Monday, September 1, 2008

Darfur Diaries

After reading Natasha's blog post about Darfur last month, I set a goal for myself to get more informed about the atrocities happening to the people there. I have to say that I didn't do much but check out some sites that she had listed on her post. Well, with her Reading and Blogging for Darfur starting this month I have commited to read at least one book and review it. So, here is the book I have chosen. Darfur Diaries.

In February, 2003, the Sudanese Liberation Army in Darfur (the western region of Sudan) after years of oppression took up arms against the Sudanese government. The government and allied militias answered the rebellion with mass murder, rape and the wholesale destruction of villages and livelihood, resulting in one of the world's largest humanitarian and political crises. Up to 2 million people were displaced; 400,000 people killed. In October and November, 2004, after watching woefully inadequate media coverage on the crisis in Darfur, a team of three independent filmmakers trekked to Darfurian refugee camps in eastern Chad and crept across the border into Darfur. They met dozens of Darfurians, and spoke with them about their history, hopes and fears, and the tragedy they are living. Refugees and displaced peoples, civilians and fighters resisting the Sudanese government, teachers, students, parents, children and community leaders provide the heart of Darfur Diaries. Their stories and testimonies, woven together through the personal experience of the filmmakers, and conveyed with political and historical context, provide a much-needed account to help understand Darfur. These are people whose lives, homes, safety and rights deserve to be protected as vigilantly as those of peoples all over the world.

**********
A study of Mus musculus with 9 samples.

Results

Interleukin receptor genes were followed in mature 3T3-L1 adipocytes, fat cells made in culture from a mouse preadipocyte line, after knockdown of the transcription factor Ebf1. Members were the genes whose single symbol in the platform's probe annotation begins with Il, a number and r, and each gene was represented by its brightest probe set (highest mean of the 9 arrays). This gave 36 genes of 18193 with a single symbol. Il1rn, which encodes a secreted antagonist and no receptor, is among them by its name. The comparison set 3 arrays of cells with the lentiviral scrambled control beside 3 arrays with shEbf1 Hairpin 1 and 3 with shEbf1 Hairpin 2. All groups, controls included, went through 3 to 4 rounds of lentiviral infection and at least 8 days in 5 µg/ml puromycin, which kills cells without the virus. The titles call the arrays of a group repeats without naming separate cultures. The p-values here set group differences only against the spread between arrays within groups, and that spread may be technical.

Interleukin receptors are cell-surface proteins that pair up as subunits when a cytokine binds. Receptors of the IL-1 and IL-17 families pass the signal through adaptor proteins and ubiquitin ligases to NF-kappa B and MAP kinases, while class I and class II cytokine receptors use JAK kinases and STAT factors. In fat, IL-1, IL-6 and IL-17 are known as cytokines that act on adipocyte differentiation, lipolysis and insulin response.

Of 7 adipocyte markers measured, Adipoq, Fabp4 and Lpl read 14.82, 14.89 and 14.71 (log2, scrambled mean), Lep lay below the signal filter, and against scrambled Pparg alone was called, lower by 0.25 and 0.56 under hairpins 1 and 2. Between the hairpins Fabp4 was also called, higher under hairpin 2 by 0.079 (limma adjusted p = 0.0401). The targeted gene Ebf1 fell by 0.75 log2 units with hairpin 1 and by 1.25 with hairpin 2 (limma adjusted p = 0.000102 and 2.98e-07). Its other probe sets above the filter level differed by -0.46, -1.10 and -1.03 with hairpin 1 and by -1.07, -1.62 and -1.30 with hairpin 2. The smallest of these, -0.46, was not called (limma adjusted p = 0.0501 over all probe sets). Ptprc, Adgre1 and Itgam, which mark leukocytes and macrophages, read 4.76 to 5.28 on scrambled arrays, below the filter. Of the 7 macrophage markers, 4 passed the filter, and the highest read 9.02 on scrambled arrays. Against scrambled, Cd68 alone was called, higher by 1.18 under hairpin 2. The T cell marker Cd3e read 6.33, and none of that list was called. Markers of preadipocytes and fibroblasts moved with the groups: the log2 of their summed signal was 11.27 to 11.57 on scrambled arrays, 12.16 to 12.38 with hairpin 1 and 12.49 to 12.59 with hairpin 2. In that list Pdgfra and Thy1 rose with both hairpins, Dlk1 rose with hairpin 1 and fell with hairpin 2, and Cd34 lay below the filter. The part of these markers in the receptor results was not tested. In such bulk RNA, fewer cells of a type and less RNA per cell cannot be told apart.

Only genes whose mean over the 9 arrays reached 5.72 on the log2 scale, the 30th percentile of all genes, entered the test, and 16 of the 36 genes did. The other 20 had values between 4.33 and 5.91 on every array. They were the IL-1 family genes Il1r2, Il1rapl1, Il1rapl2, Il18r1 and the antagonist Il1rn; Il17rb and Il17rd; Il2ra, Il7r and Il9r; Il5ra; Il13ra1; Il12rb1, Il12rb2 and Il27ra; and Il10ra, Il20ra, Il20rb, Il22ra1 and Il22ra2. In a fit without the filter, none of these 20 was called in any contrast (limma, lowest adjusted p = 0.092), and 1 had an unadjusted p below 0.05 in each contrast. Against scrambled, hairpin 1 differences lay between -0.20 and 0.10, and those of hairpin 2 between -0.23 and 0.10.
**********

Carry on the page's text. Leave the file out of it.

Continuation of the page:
I am a terrible history/textbook/Non-Fiction reader. It is hard for me to read these types of books, but this one focuses on individuals' lives and experiences. This seems like it will be the best option for me. Now I need to get myself to the bookstore to pick up a copy and get started reading.


  1. Like you, I have trouble understanding histories unless there is a personal angle. This sounds like it would be a good book for me on the subject, as well.

  2. sounds like an interesting read, when I read non-fiction, I also need it to be from a certain persons point of view. This way I can kind of feel a bit more connected and not get bored.

  3. Hi, Mari. I linked to your blog via J. Kaye's Book Blog.

    I need to track down a book about Darfur, too. What Natasha is doing is so admirable and inspiring.

    BTW, I love the image in your header. I really enjoyed both The Poisonwood Bible and A Widow for One Year. Irving and Kingsolver rock!